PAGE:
Wednesday, March 4, 2020
In August 2018, Cameron Veal and LaSteven Jackson talked about putting on a women's flag-football game for charity. This discussion laid the foundation for the Mississippi Lady Panthers.
At the urging of Reginia Jackson and other women, the two men began talking about founding a women's tackle-football team. Starting out slowly as they began to recruit players for the team, they soon found several women around the area looking for an outlet for their competitive side that they missed since playing sports in college or high school.
"That first season was unstructured, and we were winging it as we went along," Veal explains. The first game played by the Lady Panthers happened in April of 2019—with 30 women ranging from mid-20s to early 30s hitting the field.
That first team met with success, reaching the conference championship in Reno, Nev., but the game ended in a blowout. Against a seasoned and experienced Reno team, the Panthers were outmatched with just 13 players and one coach able to afford the trip, cutting the team's numbers and versatility.
Heading into its second year as a team, Veal and Jackson are excited about the future of the franchise. The team is set to begin the season with 50 to 60 players, and the core of last year's team is returning to give the Panthers a mix of experienced players and newcomers. In fact, 27 of the 50 to 60 players on this year's team played last year. The team is set to play games at Madison Ridgeland Academy, although the group may play some games at Pearl Youth Field, where they held matches last season.
"We have a great fan base from the first year," Veal says. "Those fans know that our women play all-out and that the games are never boring." The few games the team didn't win last year were close, barring the championship game in Reno.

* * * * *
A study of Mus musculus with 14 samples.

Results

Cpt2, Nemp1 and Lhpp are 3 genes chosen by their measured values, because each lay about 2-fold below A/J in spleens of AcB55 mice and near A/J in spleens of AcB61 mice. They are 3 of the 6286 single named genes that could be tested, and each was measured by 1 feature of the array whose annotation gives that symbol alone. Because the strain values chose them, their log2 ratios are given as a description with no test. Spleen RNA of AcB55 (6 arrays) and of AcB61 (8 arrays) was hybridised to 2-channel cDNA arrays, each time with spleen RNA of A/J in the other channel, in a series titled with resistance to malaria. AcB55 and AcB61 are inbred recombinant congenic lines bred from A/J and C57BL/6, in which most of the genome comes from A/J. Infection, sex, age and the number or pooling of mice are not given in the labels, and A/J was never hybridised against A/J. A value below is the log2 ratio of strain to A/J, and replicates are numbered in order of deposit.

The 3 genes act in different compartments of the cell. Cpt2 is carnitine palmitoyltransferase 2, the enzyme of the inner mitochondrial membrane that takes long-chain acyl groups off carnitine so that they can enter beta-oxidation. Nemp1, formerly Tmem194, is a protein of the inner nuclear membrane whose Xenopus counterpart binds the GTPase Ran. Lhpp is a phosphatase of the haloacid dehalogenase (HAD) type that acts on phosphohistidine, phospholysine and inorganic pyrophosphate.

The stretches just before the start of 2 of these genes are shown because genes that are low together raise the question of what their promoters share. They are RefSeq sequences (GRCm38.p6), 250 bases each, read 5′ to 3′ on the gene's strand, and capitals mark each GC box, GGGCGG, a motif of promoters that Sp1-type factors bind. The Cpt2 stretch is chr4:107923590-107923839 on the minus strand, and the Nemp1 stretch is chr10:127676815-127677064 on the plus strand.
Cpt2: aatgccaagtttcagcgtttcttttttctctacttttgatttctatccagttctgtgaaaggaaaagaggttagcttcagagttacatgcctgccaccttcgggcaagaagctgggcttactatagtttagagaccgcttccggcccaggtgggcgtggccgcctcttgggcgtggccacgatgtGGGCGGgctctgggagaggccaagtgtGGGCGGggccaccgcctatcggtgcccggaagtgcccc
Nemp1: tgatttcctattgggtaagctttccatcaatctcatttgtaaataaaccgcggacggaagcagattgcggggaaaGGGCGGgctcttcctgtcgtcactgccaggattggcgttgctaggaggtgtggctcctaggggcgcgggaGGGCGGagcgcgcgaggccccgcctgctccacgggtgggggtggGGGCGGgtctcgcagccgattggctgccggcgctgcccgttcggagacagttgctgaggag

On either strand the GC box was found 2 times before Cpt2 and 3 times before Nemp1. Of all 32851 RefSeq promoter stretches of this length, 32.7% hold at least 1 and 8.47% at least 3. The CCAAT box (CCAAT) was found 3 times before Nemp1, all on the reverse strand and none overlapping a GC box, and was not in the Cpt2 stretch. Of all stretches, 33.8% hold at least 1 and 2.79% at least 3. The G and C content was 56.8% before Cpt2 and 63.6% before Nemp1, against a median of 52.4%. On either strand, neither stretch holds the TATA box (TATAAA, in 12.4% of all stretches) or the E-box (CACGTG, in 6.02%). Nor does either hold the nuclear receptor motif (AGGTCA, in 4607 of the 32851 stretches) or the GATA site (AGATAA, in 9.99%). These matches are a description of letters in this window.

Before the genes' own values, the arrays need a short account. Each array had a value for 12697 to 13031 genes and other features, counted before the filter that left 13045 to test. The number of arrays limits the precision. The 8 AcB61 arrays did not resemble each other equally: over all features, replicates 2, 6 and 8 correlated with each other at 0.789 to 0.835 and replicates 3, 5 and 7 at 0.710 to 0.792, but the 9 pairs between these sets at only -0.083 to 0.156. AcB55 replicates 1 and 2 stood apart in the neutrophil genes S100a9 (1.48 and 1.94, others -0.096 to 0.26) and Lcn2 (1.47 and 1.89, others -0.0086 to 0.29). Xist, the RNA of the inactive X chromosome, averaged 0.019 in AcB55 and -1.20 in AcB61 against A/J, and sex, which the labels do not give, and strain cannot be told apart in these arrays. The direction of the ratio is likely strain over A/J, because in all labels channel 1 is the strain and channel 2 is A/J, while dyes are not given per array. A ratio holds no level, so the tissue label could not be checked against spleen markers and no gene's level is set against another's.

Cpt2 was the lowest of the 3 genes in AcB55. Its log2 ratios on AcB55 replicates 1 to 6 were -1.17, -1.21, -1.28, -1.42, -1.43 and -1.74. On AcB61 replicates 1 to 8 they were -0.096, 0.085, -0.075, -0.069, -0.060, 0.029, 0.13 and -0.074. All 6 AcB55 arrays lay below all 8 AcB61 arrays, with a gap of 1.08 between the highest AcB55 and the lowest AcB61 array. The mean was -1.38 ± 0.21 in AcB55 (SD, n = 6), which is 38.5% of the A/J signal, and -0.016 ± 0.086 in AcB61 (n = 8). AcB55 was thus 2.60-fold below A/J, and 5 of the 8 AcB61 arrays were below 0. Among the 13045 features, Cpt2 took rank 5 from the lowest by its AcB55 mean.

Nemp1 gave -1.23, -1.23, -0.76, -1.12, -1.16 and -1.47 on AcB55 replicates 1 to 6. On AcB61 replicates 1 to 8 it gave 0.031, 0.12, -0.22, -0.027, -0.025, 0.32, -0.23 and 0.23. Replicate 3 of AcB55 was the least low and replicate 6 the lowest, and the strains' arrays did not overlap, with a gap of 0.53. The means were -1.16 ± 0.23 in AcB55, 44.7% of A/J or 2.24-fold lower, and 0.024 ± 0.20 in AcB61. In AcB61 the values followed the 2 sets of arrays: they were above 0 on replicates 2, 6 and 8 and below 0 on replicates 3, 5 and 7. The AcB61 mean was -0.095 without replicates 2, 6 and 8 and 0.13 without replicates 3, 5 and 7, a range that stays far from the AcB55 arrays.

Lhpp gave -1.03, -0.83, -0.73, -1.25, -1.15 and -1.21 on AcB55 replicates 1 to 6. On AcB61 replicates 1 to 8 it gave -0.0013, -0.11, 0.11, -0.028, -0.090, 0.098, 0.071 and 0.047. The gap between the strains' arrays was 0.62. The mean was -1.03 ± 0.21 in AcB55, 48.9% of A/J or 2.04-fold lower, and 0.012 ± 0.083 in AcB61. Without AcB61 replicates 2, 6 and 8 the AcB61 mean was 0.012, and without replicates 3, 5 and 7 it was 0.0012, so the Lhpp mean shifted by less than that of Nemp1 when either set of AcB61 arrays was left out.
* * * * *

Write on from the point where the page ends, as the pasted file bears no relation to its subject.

The women pay dues to play in the Women's National Football Conference. Veal is trying to raise funds so that the women do not have to pay out-of-pocket. "Funding is not our friend right now," Jackson laments. "We offer sponsorships for people to contribute so that these women don't have to pay to play."
All the coaches work as volunteers, coaching for the love of it and for the enjoyment that comes with watching players get better each practice and game rather than for money.
This season, Jackson hopes to improve on the team's constancy throughout the games. The coaching staff is working on incorporating better communication and structure as players learn to finish plays instead of taking plays off.
The Panthers will be broadcast on the Women's National Football Conference website. Games will stream on either the seventh or eighth week of the season. Tickets to games cost around $7 to $10 and can be purchased through the WNFC website. Kickoff for games begins around 6 or 6:30 p.m., with the season opening on Saturday, April 4.
Veal has big dreams for the Panthers. "I hope to get more money because right now the women are paying for a place to play, helmets, referees, travel and more," he says. "I hope to get funding up to the point the women don't have to pay to play but also to let the women have a salary."
For more information on the team or to donate, find the group's Facebook page, which also includes the team's schedule.